In the patient empowerment corner of my world, a complaint or fear I hear voiced by patients is the fear of retaliation. They are afraid that if they speak up to their doctors, or ask questions, or make their own decisions, then they will get substandard care. The provider will be so upset, he or she won’t provide what the patient really needs.
I call this The Waiter Will Spit In My Soup Syndrome.
I’ve never had a conversation with someone who can identify a time this actually happened to them – where they got care that wasn’t up to par because they advocated for themselves. But I have heard from people who were dismissed by their doctors (I call that a provider divorce). I’ve even heard from people who were blackballed or blacklisted by providers. That makes it a question of quality of care – or a total rejection of care.
And the truth is – it doesn’t matter why a patient is fearful of sticking up for himself. It’s his perception. It’s wrong. And something needs to change.
YOU can be the change agent. YOU can be that buffer – the person who runs interference between the patient’s fear of retaliation and making sure she gets exactly what she needs.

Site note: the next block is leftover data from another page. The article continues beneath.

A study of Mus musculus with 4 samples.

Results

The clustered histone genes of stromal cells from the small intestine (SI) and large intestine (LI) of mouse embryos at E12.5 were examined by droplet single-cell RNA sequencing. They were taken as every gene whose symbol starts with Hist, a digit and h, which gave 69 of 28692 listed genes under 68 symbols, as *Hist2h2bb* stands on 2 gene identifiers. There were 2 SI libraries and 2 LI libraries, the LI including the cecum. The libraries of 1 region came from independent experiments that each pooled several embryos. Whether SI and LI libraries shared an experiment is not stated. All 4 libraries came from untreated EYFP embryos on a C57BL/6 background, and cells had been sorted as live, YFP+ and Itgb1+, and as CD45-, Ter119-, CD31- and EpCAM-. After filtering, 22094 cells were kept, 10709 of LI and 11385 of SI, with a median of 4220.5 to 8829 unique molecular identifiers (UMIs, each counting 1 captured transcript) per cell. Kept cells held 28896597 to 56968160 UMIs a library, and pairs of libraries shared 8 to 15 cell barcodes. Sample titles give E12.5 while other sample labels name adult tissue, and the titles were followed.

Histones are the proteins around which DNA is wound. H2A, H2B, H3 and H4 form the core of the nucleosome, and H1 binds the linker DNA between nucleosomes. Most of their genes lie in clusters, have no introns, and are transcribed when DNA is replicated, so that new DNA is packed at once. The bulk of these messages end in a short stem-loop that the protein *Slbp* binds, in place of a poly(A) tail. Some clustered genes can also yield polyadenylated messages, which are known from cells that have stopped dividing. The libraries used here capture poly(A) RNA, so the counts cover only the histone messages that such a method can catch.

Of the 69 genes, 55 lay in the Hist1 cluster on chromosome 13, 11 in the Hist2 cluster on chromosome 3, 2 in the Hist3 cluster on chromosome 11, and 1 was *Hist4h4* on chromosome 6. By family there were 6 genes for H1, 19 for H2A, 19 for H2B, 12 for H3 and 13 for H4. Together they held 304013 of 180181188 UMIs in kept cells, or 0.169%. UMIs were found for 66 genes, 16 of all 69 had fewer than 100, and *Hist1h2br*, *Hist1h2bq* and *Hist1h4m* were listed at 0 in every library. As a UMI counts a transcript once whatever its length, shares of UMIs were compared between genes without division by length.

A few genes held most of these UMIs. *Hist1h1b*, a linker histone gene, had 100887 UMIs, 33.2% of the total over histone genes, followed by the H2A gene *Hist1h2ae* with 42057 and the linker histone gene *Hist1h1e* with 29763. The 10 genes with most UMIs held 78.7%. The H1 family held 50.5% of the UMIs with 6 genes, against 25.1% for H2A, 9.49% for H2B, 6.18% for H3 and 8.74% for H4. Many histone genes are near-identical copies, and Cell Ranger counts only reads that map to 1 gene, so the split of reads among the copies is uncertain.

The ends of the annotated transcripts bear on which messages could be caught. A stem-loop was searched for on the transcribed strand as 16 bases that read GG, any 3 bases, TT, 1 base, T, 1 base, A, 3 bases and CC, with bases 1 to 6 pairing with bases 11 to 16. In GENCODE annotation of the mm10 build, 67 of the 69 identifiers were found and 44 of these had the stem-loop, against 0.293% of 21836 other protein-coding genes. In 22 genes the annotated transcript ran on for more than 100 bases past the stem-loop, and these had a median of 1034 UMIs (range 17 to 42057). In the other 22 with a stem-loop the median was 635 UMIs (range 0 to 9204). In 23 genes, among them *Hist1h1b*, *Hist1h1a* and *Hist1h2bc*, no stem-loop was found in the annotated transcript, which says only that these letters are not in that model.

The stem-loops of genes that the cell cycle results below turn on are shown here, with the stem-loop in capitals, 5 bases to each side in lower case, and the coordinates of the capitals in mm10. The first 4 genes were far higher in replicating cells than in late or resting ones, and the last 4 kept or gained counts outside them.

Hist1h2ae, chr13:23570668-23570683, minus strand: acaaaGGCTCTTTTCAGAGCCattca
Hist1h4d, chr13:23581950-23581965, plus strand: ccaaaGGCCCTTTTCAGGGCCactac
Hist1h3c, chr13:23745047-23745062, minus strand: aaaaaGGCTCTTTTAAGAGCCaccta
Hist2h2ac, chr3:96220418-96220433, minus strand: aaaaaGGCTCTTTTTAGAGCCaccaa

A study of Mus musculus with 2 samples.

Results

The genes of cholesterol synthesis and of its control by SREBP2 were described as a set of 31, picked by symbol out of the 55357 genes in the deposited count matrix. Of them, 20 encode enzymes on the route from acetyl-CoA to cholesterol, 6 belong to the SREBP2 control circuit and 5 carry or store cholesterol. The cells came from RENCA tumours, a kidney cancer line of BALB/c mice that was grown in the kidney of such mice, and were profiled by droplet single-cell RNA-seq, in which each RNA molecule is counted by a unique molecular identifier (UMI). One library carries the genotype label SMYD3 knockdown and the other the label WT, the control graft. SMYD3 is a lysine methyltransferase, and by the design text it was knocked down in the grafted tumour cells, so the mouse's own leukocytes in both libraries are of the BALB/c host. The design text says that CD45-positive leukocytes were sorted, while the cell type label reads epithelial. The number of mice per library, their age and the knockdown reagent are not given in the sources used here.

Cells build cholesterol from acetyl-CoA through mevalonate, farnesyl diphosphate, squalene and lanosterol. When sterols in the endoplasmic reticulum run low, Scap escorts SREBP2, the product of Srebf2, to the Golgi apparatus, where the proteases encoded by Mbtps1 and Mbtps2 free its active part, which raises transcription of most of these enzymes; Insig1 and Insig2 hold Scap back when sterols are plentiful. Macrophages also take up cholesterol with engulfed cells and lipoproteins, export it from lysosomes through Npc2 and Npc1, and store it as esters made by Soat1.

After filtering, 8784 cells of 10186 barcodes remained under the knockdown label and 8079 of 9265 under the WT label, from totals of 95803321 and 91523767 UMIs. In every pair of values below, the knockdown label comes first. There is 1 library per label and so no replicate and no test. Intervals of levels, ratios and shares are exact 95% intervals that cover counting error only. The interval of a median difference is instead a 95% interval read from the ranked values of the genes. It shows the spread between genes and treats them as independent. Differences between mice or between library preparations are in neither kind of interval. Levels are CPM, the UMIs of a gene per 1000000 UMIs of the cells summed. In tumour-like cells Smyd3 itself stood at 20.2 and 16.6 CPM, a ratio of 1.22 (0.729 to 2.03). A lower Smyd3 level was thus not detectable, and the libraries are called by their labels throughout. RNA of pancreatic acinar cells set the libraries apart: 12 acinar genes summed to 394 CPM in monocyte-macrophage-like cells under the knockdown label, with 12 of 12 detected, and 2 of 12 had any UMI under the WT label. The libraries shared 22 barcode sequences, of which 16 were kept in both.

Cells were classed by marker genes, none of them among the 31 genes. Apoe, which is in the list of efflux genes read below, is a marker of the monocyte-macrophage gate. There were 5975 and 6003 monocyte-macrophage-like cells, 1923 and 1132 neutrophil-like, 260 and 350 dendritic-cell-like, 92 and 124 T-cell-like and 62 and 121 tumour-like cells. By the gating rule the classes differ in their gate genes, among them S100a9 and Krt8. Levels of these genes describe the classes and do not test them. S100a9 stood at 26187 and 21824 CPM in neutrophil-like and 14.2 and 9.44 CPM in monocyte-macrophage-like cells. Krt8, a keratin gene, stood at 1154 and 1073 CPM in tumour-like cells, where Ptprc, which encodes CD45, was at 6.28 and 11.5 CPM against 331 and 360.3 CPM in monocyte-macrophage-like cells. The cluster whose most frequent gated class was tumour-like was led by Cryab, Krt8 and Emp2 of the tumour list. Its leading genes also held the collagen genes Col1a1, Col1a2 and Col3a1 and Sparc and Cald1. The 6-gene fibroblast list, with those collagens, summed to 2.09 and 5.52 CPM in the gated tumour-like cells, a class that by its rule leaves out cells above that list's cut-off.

I know – you’re probably saying, “Well – duh! Of course! That’s what we do!”
But I’m going to take this concept to a different level.
I think you need to use this fear in your marketing.
Raised best in a conversation, I think it can be a direct question from you that makes the client think about it, and then makes her realize that you are the very solution she needs.
Hazel, do you ever feel reluctant to ask your doctor questions because you’re afraid he won’t like it if you do?
Henry, is it possible you hold back on your concerns because you don’t want to upset your doctor?
Being so direct will help them realize that you truly get it. You understand why they think they aren’t getting what they need, and that they feel too vulnerable to do anything about it.
Your next statement will be focused on making sure your vulnerable patient knows you can fix this for them – providing reassurance that you are the person who can form that bridge between them and their doctors without any possibility of retaliation – only positive outcomes. You’ll be doing the facilitating, but you’ll be empowering them.
Beyond the fear of retaliation, there are other reasons patients need the assistance of an advocate, too. Check them out (see links below) and learn to tap into them so you address them directly. The key is to help potential clients understand that hiring a professional patient advocate – you! – will make them feel less vulnerable, as if they have more control than they have without you.
> Learn more about why doctors dismiss (divorce) their patients.
> Learn more about blackballing and blacklists.